For the first time Faith Ringgold’s extraordinary work is being shown in London as a major solo exhibition at the Serpentine Gallery. Born in Harlem in 1930 her spectacular artworks depict an untold history of the lives and suffering of the African American in a climate where many of the underlying troubles leading up to the formation of the Civil Rights Movements and then the Black Power Organisation of the 1960s were not featured in the media. We recognise through her work, a source of news in its own right, how little we know of the backdrop to the suffering caused by race related laws and underlying issues. Ringgold, a self assured yet quietly confident artist’s humility is complemented by a temerity that comes with maturity.
Since her youth she has been influenced by her contemporaries of which there were many where she grew up in Harlem and simultaneously by Picasso whose works had influenced her to a degree. She has never shown a fear of depicting the truth which is evidenced through all her series of works through the decades until now. It is to be remembered that artists of colour were not given any support nor publicity, to the contrary any artworks deemed inflammatory in any way were basically in an unspoken manner banned.
Faith Ringgold is now 88 years old, still working and has lived through some of the most turbulent times in American history and it is evident in her artworks. As one muses over the details of her “quilts” she goes to great pains to explain that her works are on canvas, clearly not recognising the genius of painting on canvas, carefully stitched to resemble a (padded) quilt before taking in the details of the scene itself. “They are canvas” she emphasises in no uncertain terms as though there was nothing extraordinary about canvas, after all it is the most conventional medium for artists to use.
Ringgold explains that as an artist she has a responsibility to tell the truth and in every work there is a detailed story against a backdrop of generic social injustices of the period and hope, not to mention her own personal life experiences.
This ground-breaking work of Faith Ringgold is celebrated in this exhibition at the Serpentine Galleries, her first in a European institution. For more than five decades, Ringgold has consistently challenged perceptions of African American identity and gender inequality through the lenses of the feminist and the civil rights movements. As cultural assumptions and prejudices persist, her work retains its contemporary resonance. Focusing on different series that she has created over the past 50 years, this survey of her work includes paintings, story quilts and political posters made during the Black Power movement including one to free activist Angela Davis.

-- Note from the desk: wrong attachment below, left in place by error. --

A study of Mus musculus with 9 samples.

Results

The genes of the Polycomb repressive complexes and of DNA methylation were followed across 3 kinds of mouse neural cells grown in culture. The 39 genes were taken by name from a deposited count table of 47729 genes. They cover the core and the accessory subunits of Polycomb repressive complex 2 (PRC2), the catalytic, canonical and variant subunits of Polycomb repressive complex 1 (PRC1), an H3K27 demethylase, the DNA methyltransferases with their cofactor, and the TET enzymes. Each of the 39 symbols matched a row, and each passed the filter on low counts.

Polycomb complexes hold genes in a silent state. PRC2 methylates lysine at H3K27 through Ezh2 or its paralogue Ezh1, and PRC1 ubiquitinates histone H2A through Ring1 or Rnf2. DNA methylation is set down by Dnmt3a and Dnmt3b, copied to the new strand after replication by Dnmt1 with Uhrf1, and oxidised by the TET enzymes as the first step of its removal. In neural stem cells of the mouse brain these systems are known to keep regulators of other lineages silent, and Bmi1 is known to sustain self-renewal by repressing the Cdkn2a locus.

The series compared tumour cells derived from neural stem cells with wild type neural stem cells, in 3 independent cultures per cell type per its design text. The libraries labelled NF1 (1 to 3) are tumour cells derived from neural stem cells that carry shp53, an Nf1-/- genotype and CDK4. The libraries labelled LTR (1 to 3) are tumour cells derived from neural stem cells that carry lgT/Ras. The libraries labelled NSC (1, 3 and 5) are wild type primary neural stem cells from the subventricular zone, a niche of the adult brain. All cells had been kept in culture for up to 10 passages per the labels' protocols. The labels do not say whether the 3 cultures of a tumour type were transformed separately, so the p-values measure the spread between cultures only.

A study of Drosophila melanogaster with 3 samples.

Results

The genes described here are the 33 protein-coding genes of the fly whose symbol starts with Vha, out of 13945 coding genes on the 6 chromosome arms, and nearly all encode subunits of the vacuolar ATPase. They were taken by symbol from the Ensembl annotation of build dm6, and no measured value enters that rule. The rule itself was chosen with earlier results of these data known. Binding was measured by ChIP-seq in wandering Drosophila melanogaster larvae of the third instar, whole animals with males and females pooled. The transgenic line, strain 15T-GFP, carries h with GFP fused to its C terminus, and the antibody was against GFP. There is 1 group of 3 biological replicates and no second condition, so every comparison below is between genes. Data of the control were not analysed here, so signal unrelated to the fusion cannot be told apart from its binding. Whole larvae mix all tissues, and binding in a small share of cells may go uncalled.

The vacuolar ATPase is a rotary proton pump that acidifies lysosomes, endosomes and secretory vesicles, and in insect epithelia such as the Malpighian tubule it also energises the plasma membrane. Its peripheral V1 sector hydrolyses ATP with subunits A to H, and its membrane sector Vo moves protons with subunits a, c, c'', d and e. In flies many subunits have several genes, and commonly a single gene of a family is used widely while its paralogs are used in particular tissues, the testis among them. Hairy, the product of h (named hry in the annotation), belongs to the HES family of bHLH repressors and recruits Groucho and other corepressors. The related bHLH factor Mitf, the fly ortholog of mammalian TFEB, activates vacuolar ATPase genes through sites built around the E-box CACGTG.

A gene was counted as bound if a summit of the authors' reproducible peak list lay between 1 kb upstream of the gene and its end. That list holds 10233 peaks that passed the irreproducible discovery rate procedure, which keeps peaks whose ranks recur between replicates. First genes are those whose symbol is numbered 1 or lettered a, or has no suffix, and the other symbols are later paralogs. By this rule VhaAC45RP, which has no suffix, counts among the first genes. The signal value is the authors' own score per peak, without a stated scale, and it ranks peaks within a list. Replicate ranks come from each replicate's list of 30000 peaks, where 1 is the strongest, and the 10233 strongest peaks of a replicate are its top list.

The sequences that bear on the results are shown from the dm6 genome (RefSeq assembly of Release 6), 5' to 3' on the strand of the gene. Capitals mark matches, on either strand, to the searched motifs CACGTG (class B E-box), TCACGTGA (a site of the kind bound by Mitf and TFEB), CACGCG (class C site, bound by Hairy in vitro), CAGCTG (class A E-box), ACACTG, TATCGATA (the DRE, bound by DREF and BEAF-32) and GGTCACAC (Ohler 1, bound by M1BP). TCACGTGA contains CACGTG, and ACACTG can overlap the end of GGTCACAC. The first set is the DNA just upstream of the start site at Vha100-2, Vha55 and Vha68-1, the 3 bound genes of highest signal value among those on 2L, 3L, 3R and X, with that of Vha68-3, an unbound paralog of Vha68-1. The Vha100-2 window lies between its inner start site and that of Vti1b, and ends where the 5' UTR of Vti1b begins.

Growing up in the creative and intellectual context of the Harlem Renaissance, Ringgold has worked prolifically since the early 1960s, and is widely recognised for her politically charged paintings, story quilts, protest posters, popular children’s books and as an influential art educator. Protest and activism have remained integral to Ringgold’s practice, she co-founded the group the National Black Feminist Organization in 1973 along with her then 18 year-old daughter, Michele Wallace and in 2016 she published We Came to America, a children’s book that celebrates cultural diversity.
In her practice Ringgold draws upon a wide range of visual and cultural sources, from the traditions of quilt-making and its position within the history of slavery to early European Modernism, to tankas – richly brocaded Tibetan paintings – and the graphic symbolism of African masks. In the 1960s, for her ‘American People’ series (1963-67) Ringgold took the American dream as her subject to expose social inequalities. By the 1970s, Ringgold, with Wallace, was leading protests against the lack of diversity in the exhibitions programme at New York’s Whitney Museum of American Art, and in 2018 saw her work included in an exhibition there on the subject of protest. Ringgold’s quilts dating from the early 1980s weave together her personal stories and writings with the history of African Americans – a tradition passed on to her by her great-great grandmother Susie Shannon who was born into slavery and was made to sew quilts for plantation owners. A vital figure in the canon of American art, Ringgold has also written a much-read autobiography We Flew Over the Bridge (1995): ‘I have always wanted to tell my story, or, more to the point, my side of the story.’
Ringgold’s work is now widely known in the USA and many of her coveted artworks are part of private and museums collections.
The exhibition is on at the Serpentine Gallery Kensington Gardens London W2 3XA from June 6th until September 8th.